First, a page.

Brexit may put environmental health protections ‘at risk’

Tom Wall02/03/2016 - 13:13

Britian will vote on the 23 June

Experts have warned a vote to leave the EU could undermine health protections and make it more difficult to address cross-border issues such as air pollution.

Leading figures in public health, food hygiene and workplace safety have told EHN that an ‘out’ victory in the referendum on 23 June would be ‘a leap in the unknown’, but that the UK would still have to comply with some European rules if it wanted to trade with the EU.

Professor Martin McKee, president of European Public Health Association, told EHN the UK’s exit from the EU – ‘Brexit’ – would put environmental health safeguards at risk.

‘Those calling for Brexit have been totally incapable of defining what they want. Their arguments are laden with contradictions and fantasies. It is inevitable that we would find some relationship with our European neighbours but it would be on their terms, not ours, and almost certainly much worse than what we have,’ he said.

He said nation states acting alone could not deal with the main threats to public health.

‘EU institutions have been essential for achieving effective and concerted action in tobacco control, vehicle safety, communicable disease surveillance, environmental protection and a host of other areas. Why on earth would we want to give up these protections,’ he said.

The current issue of the Journal of Public Health claims in its editorial that the EU has been a driving force in improving environmental and health standards.

In the 1970s and 1980s, emissions of sulphur dioxide from the UK caused large amounts of ‘acid rain’, killing forests in Scandinavia. EU limits lead to an 80 per cent fall in sulphur emissions in Europe.

Concerns about the health effects of airborne particulate matter led the EU to act on vehicle engine standards and, by 2005, it was estimated that total emissions from road traffic were 63 per cent lower than they would have been in the absence of EU standards.

In 2015, only two of London’s boroughs met EU standards for nitrogen dioxide levels, causing the European Commission to launch action against the UK to enforce the EU Air Quality Directive.

Hugh Robertson, TUC head of safety and former Health and Safety Executive board member, said EU health and safety measures had been positive for workers.

‘Overall the effect is good, especially for workers’ health and safety, and there is no evidence of the regulations being a burden. These regulations cover many of the most important sectors or risk factors that lead to death injury and ill-health in the workplace such as chemical safety, carcinogens and musculoskeletal disorders,’ he said.

‘They also cover machinery safety and personal protective equipment which means that there are minimum and understandable standards that exist across Europe and which have helped prevent the importation and use of substandard or dangerous equipment.’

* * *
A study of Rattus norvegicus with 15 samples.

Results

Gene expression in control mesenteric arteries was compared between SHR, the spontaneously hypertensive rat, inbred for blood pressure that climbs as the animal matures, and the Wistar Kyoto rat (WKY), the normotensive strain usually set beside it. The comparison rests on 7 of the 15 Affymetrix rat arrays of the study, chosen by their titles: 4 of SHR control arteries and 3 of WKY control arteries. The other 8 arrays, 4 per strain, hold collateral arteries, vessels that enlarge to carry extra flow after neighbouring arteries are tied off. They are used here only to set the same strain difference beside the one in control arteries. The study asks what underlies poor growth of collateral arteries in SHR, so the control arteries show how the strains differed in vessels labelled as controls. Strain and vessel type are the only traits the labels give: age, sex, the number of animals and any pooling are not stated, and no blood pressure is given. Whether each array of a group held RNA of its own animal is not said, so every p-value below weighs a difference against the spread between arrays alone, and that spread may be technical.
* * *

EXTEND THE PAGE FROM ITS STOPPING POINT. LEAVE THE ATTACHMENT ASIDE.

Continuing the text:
Mr Robertson added that a Britain outside the EU could in theory do what it wanted although its options would be limited if it struck a trading deal with Europe.

‘That totally depends on the negotiations that will take place over the two years following the vote and what kind of arrangement that the UK. Technically the UK can do what it wants and could withdraw all protection, but if it has a Norwegian-type trading arrangement then they will have to continue to apply EU directives,’ he said.

Food policy professor Tim Lang, who has been a special advisor to four House of Commons select committees, told EHN food prices would rise, with implications for public health.

‘Food costs are almost certain to go up. The number one concern is horticulture. We get a vast proportion of our fresh fruit from inside the EU. Britain basically exports whiskey, biscuits, processed food and we import the good stuff.’

Hugh Pennington, who chaired two E. coli outbreak inquires, told EHN that Brexit would take the UK into ‘uncharted territory’ for areas such as public health and consumer protection.

Tim Everett, CIEH president, told EHN although protections could survive in a Britain outside the EU some consumer protection laws and environmental regulations might be threatened.

‘Much of our current legislation has been driven by the EU. While food and product safety legislation would probably survive because of the continuing trade with Europe, consumer protection laws could change over time and environmental protection laws are in a particularly precarious position as they might be sacrificed for growth.’

Vote Leave - the official campaign to leave the EU - were asked to respond to the concerns voiced in this article but did not provide a comment.

Vote in our poll here. Please note this is not a survey of CIEH members nor does it relfect CIEH poilcy. It is a poll of EHN Online users.